Technology has become another member of our family, with a personality that swings from bully to reliable companion, from helpful nerd to class clown, influencing our relationships and life. It has been insidious, unavoidable and with good and bad: homework cannot be completed without internet access and word processing; science Fair projects look polished and professional, thanks to slick graphics and stock photos printed in crisp multi-color formats.
At what cost does all this “gee whiz” cyber power come? I struggle with our kids to use printed books as resource material. “Why do I have to search by hand through the pages of a pocket dictionary instead of Googling?” they ask. “Because… Because you need to know how to use a variety of resources! What if the power goes out?”, I respond. And penmanship? Forget about it! Our kids’ schools barely teach cursive! Even though my handwriting is abysmal, when I see pictures of the hand-written Constitution, I mourn the loss of a beautiful art, and an integral part of our culture.
Most powerful of all, though, are the personal electronic devices and gaming systems. All my kids have some combination of silicon power: MP3 players, personal gaming system, cell phone, online gaming, PC, laptop. Much to my chagrin, these “toys” have steadily infiltrated our lives. Yikes! How did this happen? I never encouraged this- in fact, I tried to discourage these gadgets and purchased very few of them for my kids. But with gift cards, allowance, and generous family members and friends, they have acquired this impressive stockpile right under my nose. Managing their use of this vast array has become a hated chore and incited much conflict.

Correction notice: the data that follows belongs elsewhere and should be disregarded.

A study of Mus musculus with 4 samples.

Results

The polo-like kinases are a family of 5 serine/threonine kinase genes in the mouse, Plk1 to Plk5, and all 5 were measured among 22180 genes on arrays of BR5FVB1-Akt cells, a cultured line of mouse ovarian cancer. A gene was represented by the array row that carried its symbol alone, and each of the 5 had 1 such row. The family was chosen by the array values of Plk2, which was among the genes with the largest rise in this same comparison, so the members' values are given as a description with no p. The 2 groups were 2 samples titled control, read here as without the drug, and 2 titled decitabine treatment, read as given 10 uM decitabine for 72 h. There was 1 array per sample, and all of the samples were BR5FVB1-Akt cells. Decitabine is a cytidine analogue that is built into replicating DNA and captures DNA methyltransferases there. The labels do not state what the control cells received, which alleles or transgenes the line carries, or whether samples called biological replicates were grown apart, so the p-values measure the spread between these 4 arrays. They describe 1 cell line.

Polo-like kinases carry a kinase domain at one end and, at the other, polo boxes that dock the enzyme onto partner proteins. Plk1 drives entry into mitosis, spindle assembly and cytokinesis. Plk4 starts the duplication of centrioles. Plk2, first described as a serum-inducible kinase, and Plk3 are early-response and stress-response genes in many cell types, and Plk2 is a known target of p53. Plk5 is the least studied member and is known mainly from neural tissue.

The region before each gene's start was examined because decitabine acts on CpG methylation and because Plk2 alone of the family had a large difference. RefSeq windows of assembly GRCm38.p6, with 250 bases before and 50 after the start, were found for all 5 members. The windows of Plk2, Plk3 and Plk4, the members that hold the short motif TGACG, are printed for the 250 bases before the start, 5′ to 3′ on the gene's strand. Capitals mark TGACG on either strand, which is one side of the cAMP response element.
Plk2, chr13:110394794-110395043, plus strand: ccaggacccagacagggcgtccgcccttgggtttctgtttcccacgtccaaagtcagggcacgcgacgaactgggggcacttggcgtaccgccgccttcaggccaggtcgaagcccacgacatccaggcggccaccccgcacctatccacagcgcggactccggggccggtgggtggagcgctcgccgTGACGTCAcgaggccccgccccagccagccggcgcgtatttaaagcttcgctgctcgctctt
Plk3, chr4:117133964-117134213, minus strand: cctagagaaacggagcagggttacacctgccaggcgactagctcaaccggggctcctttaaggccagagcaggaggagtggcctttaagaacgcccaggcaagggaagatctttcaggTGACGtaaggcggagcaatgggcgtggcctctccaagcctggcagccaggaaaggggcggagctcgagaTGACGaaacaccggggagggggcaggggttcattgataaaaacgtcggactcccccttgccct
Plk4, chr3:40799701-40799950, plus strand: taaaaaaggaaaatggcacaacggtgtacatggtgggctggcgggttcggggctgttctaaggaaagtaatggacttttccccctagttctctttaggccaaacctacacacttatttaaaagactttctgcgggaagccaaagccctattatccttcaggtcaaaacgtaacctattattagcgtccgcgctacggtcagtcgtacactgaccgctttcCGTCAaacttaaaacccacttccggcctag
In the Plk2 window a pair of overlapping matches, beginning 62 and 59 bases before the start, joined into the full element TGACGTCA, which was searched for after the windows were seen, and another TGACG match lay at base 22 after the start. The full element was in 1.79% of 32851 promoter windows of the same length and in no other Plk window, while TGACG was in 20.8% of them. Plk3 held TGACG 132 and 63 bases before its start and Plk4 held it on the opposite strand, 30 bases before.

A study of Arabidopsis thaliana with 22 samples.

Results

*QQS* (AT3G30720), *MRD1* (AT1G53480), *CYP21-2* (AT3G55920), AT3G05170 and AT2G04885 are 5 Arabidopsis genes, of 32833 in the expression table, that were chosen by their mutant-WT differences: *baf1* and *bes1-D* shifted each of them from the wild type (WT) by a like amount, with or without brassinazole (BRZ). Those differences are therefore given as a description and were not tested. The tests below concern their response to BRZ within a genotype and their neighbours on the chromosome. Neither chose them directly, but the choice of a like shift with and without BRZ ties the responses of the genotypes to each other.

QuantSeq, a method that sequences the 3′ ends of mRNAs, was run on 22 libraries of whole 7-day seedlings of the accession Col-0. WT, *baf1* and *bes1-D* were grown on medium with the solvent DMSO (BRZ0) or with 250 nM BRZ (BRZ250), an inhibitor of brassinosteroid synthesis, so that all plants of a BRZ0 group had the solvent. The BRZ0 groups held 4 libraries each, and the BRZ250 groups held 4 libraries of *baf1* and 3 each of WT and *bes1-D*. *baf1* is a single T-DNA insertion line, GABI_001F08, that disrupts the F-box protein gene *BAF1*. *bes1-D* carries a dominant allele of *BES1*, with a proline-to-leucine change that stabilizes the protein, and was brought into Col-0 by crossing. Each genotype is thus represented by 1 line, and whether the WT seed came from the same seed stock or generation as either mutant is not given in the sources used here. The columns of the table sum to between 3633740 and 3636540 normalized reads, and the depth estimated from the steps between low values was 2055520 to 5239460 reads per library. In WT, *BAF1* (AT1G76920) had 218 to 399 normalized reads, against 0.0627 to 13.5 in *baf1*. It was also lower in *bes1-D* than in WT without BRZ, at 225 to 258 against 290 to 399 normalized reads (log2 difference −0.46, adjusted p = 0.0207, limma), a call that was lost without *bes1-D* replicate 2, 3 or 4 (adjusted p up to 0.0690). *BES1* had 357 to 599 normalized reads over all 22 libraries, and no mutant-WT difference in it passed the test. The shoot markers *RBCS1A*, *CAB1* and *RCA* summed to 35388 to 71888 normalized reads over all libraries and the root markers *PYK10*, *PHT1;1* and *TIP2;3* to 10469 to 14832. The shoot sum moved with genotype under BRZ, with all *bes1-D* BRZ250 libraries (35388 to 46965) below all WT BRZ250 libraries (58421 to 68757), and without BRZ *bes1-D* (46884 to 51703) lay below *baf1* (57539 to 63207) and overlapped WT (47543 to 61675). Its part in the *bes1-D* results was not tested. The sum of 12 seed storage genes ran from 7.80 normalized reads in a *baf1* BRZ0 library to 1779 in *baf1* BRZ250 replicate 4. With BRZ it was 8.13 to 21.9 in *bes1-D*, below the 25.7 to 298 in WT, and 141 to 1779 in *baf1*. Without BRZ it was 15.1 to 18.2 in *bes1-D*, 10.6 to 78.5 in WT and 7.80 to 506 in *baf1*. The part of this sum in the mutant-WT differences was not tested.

Family road trips are now fairly quiet, thanks to personal gaming toys; but I fear my kids are missing out on beautiful countryside and the personal introspection fostered by hours in the car on the road.
When I was a tweenager, I was addicted to powerful entertainment technologies. I would bike to the neighborhood video game joints and plug my whole allowance into the first generation of game machines. Pong was followed by Centipede, Asteroids, Pacman, etc. My obsession was only limited by external factors: the number of quarters in my pocket, whether I could bike to the store, was the place open? Left to my own desires, entire days would have been spent indoors, pushing buttons and chasing aliens. Today’s technology is infinitely more powerful, attractive, interactive and addicting. Without the external limitations and the separation between home and game location, it is up to me to limit my children’s access. I am the bad guy- the bummer downer dude. Not a fun place to be, and a role that brings little satisfaction. But it is vital. If I do not, I believe my children’s lives will be outta whack. In future blogs, I’ll share more experiences with our unruly, obnoxious new family member, Technology.
Am I a techno-phobe? A techno-dino? Techno-ignoramus? Maybe all three? But this is one dad who is concerned about the impact of technology on family life and who will continue to follow my gut and place limits on this questionable force. It may have squirmed its way into our family circle, but I’ll be darned if it’ll replace me as king of the castle! (I can just hear my wife laughing now)!